The opinions expressed by columnists are their own and do not necessarily represent the views of Townhall.com.

America is facing a collective panic. Financial markets are hammering our retirement accounts. Frenzied headlines are a daily occurrence in newspapers and scrolled along the bottom of cable TV news channels. Even the president has gotten into the act by breathlessly pushing his Wall Street bailout during an address to the nation.


We have all experienced it at one time or another. It's highly contagious and can wake you up at night. Your heart may pound, your hands sweat or it might make you reach for the medicine cabinet. Anxiety. And with the nation's current financial upheaval, and the pending presidential election looming on the horizon, you may find yourself suffering a bout of this malady.

And a malady it is; because not only does anxiety have physical manifestations, but anxiety can disrupt thinking, distort reality and have an impact on your performance and decision-making ability. Margaret Wehrenberg, clinical psychologist and co-author of "The Anxious Brain" says when we are anxious, "Our minds are trying to protect us by bringing up things we should worry about." It turns into a problem when these worrisome thoughts get stuck in a nonstop loop revolving around in the brain and push other thoughts off to the wayside.

Although everyone experiences anxiety to some extent at one time or another, some people are plagued with it more than others. People "who tend to ruminate a lot anyway and have a hard time turning off those worried thoughts" feel more anxious, says Dr. Wehrenberg.

"One of the things that makes anxiety so debilitating is that you can't entirely put your finger on it," says Professor Sigal G. Barsade, whereas fear, in contrast, has a specific cause.


Psychologists have found anxiety causes cognitive distortion, thus making it more difficult for people to concentrate and process information. This, in addition to impaired decision-making and the lessened ability to listen, increases the likelihood of errors.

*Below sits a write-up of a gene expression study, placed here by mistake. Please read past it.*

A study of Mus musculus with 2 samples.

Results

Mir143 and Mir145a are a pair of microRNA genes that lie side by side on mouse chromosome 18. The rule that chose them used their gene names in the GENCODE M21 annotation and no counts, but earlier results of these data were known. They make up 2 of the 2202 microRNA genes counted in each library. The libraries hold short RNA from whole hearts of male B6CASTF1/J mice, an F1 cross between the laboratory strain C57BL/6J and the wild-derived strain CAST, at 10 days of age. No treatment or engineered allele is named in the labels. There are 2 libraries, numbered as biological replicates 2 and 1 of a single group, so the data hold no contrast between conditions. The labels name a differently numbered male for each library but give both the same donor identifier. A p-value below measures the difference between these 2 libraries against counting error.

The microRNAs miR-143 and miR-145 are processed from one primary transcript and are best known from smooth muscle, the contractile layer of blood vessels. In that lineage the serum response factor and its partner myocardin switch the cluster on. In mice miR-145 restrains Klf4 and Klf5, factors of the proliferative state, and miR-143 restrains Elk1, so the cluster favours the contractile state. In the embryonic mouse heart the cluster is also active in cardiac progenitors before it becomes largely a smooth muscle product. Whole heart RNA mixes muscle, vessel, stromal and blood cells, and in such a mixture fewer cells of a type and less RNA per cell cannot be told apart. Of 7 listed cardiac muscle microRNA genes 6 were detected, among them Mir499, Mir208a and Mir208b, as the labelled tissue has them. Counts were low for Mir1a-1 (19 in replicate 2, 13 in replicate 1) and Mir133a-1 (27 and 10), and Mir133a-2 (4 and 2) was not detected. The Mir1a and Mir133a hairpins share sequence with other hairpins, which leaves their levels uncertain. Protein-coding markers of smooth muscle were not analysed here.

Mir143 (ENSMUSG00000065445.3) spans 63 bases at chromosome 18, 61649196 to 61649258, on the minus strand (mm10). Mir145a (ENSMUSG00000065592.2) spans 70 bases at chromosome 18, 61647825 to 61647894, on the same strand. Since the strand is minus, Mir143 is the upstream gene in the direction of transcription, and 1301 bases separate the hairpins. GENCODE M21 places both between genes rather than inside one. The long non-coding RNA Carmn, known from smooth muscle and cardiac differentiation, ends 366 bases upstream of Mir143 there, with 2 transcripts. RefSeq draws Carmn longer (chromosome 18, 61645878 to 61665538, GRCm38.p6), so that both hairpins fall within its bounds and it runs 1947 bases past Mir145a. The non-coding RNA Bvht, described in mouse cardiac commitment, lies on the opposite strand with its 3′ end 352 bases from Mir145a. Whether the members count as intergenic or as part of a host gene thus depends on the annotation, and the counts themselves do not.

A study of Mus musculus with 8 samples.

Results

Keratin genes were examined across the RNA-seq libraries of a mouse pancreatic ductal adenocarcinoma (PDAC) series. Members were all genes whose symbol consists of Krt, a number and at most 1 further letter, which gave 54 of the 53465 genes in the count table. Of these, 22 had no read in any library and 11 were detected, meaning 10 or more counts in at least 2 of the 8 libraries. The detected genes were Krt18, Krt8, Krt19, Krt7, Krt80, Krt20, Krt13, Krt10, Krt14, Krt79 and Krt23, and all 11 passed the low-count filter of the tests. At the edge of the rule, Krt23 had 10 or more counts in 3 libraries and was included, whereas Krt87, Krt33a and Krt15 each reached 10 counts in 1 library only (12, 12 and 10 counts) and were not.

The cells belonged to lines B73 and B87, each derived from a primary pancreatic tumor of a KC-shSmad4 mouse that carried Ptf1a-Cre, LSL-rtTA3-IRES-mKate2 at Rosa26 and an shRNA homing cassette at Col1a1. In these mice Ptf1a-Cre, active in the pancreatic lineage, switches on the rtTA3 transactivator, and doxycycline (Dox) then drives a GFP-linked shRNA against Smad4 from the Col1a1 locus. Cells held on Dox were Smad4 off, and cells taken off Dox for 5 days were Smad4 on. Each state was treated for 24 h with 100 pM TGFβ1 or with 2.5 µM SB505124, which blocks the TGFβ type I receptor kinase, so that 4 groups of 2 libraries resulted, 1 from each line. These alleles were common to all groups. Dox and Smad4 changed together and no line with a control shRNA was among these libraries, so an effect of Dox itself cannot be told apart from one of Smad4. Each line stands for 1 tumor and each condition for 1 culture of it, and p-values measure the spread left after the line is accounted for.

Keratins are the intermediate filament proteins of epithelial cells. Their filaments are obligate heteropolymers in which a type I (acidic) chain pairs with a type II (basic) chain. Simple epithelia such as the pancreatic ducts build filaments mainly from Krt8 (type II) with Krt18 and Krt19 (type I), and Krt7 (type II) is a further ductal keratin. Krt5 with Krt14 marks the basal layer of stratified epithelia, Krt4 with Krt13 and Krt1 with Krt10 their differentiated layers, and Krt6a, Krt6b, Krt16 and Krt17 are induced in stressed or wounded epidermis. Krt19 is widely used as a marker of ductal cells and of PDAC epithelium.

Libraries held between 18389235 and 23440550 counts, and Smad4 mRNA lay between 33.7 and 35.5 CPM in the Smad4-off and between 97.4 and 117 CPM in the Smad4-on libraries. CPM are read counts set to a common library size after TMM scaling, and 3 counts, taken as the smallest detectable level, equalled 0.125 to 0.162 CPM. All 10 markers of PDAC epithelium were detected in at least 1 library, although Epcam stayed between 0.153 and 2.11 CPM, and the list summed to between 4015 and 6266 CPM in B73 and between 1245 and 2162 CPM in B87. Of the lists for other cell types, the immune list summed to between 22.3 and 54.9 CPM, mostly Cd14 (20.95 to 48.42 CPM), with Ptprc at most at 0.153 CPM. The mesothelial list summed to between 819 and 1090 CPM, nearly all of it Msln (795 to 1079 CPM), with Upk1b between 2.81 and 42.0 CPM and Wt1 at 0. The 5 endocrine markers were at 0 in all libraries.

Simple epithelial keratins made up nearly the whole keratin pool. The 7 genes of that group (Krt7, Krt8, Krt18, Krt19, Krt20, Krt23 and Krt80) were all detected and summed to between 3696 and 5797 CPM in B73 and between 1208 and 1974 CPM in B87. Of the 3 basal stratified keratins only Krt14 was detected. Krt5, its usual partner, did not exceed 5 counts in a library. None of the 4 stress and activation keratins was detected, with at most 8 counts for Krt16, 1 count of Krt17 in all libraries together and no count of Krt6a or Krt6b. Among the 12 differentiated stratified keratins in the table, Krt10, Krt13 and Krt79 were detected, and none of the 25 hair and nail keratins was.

On the brighter side, there are many healthy ways to lower anxiety, and recognizing it is one of the first steps in learning to control it. Exercise, meditation, hobbies and simply taking a walk may help to alleviate symptoms. A good laugh with friends or family helps, along with putting situations into perspective and focusing on things you have to be thankful for instead of what might or did happen.

"Anxiety is living in the past or the future; it's not living in the moment," says Dr. Wehrenberg. A report from scientists in Britain encourages folks to "savor the moment" and "catch sight of the beautiful" as some of the ways to boast mental health. Another suggestion from psychologists is to "worry once and do it well." Meaning, think about the problem, come up with a plan, and when you find yourself feeling anxious, remind yourself of your plan, and then focus on the task at hand and the here and now.

With worries about the economy, and wondering how changes by the next presidential administration are going to affect you, it is only natural to feel anxious. Yet anxiety is nothing new, and mankind has always needed to deal with it. Centuries ago, St. Paul gave excellent advice on the topic, saying, " Be anxious for nothing, but in everything by prayer.with thanksgiving, let your requests be made known to God; and the peace of God, which surpasses all understanding, will guard your hearts and minds."


So our pre-election advice is simple. Remember the things you have to be thankful for, clear you mind and concentrate closely on the issue positions of the various candidates running. Then, once in a calm and peaceful state of mind, go and cast your vote. America will survive no matter the outcome of one election.